Medications called glucocorticoids (e.g., prednisone) are used to treat a million or more Americans each year for chronic rheumatic, pulmonary, gastrointestinal, and skin diseases, as well as in organ transplantation. Unfortunately, chronic users of glucocorticoids are at risk for glucocorticoid-induced osteoporosis (GIOP) and have an estimated 50 percent fracture risk. Guidelines recommend that people who require more than 3 months of this therapy take measures to prevent bone loss, such as calcium supplements, vitamin D, estrogen (for postmenopausal women), and antiresorptive medications and undergo periodic measurements of bone mineral density.

According to a recent study supported in part by the Agency for Healthcare Research and Quality (HS10389), few doctors prescribe GIOP prevention therapy for patients taking glucocorticoids. Over the 3-year study period, researchers at the University of Alabama, Birmingham's Center for Education and Research on Therapeutics identified 2,378 members of a large national health maintenance organization who were receiving long-term glucocorticoid therapy to determine whether they underwent bone mass measurements or were prescribed medications to prevent osteoporosis. Internal medicine specialists (39 percent), general/family practitioners (16 percent), and rheumatologists (16 percent) wrote the majority of prescriptions for glucocorticoids.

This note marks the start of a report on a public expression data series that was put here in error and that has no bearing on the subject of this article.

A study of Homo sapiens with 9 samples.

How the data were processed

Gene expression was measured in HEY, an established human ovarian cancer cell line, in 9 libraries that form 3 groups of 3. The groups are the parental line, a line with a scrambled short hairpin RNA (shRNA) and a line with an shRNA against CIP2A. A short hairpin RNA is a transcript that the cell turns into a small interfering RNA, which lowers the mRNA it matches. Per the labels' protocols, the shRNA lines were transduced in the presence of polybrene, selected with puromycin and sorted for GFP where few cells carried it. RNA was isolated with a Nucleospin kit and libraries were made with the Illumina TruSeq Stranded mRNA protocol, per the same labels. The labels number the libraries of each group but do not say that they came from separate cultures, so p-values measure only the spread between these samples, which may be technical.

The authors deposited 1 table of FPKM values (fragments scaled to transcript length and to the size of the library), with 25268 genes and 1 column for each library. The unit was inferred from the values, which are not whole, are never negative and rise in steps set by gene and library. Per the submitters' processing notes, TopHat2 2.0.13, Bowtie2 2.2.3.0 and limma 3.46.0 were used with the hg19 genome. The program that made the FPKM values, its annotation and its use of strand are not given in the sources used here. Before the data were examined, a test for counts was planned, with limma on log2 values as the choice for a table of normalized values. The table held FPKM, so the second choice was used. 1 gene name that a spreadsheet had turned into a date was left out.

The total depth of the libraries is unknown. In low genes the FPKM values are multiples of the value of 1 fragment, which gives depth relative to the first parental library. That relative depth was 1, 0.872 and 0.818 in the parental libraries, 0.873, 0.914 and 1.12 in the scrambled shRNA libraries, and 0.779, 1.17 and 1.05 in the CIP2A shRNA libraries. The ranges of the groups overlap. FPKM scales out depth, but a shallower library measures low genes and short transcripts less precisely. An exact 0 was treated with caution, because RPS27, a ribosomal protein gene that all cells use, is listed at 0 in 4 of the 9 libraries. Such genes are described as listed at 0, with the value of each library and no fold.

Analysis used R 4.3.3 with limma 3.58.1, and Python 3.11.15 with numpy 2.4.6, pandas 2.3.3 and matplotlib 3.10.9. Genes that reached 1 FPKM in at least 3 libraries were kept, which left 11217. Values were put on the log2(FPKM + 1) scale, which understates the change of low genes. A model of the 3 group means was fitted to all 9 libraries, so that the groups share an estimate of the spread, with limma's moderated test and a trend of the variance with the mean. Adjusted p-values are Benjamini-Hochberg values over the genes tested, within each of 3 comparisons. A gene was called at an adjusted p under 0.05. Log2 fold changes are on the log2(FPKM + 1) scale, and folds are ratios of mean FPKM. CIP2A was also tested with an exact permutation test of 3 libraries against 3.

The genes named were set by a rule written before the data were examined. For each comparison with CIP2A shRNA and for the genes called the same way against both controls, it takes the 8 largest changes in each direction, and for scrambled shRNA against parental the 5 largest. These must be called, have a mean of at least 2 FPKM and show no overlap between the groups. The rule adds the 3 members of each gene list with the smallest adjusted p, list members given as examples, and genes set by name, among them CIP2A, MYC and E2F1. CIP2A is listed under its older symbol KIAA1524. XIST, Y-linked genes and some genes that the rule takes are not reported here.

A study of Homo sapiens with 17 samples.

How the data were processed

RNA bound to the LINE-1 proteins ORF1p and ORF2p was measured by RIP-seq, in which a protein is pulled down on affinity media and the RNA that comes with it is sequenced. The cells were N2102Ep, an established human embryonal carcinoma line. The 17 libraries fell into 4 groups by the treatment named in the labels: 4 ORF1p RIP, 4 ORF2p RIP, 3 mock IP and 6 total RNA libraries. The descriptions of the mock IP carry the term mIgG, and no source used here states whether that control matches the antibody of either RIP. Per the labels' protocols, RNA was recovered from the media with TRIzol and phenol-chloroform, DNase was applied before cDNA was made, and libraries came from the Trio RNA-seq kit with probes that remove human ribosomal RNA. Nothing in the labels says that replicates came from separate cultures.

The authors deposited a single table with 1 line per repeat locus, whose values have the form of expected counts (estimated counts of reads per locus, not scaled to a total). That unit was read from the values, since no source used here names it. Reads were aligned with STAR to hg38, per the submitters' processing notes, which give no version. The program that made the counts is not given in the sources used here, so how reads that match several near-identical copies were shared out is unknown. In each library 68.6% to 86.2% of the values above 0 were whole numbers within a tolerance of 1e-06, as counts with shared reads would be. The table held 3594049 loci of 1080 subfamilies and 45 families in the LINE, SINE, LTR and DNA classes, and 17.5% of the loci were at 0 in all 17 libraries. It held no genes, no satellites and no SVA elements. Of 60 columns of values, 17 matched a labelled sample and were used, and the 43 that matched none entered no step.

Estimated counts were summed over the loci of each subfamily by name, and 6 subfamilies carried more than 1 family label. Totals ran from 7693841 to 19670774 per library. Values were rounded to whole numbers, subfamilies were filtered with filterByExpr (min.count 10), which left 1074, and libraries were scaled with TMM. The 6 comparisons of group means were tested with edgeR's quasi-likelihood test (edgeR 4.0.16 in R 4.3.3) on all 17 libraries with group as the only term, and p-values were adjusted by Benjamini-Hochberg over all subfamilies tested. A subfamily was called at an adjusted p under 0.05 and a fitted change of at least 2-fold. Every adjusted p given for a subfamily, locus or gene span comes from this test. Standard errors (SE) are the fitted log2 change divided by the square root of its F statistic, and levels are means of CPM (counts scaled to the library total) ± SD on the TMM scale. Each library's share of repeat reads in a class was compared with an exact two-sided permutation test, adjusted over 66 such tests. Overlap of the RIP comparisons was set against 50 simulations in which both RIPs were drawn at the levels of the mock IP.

Only 21 percent of all patients receiving glucocorticoids for a chronic condition received some form of prescription treatment for osteoporosis during the study period. For women age 50 and over, the group at greater risk for fractures, only 41 percent received osteoporosis preventive therapies. However, this was mostly estrogen, and only 6 percent of estrogen prescriptions were made after initiation of glucocorticoid therapy. Only 16 percent of women age 50 and over and less than 10 percent of all patients received a bone mass measurement. Patients of rheumatologists were twice as likely as those of internists to have a bone mass measurement and to receive bisphosphonates, but they were not more likely to receive preventive treatment overall.

Details are in "Variations in glucocorticoid induced osteoporosis prevention in a managed care cohort," by Amy Mudano, M.P.H., Jeroan Allison, M.D., M.Sc., Jerrold Hill, Ph.D., Todd Rothermel, and Kenneth Saag, M.D., M.S., in the June 2001 Journal of Rheumatology 28(6), pp. 1298-1305.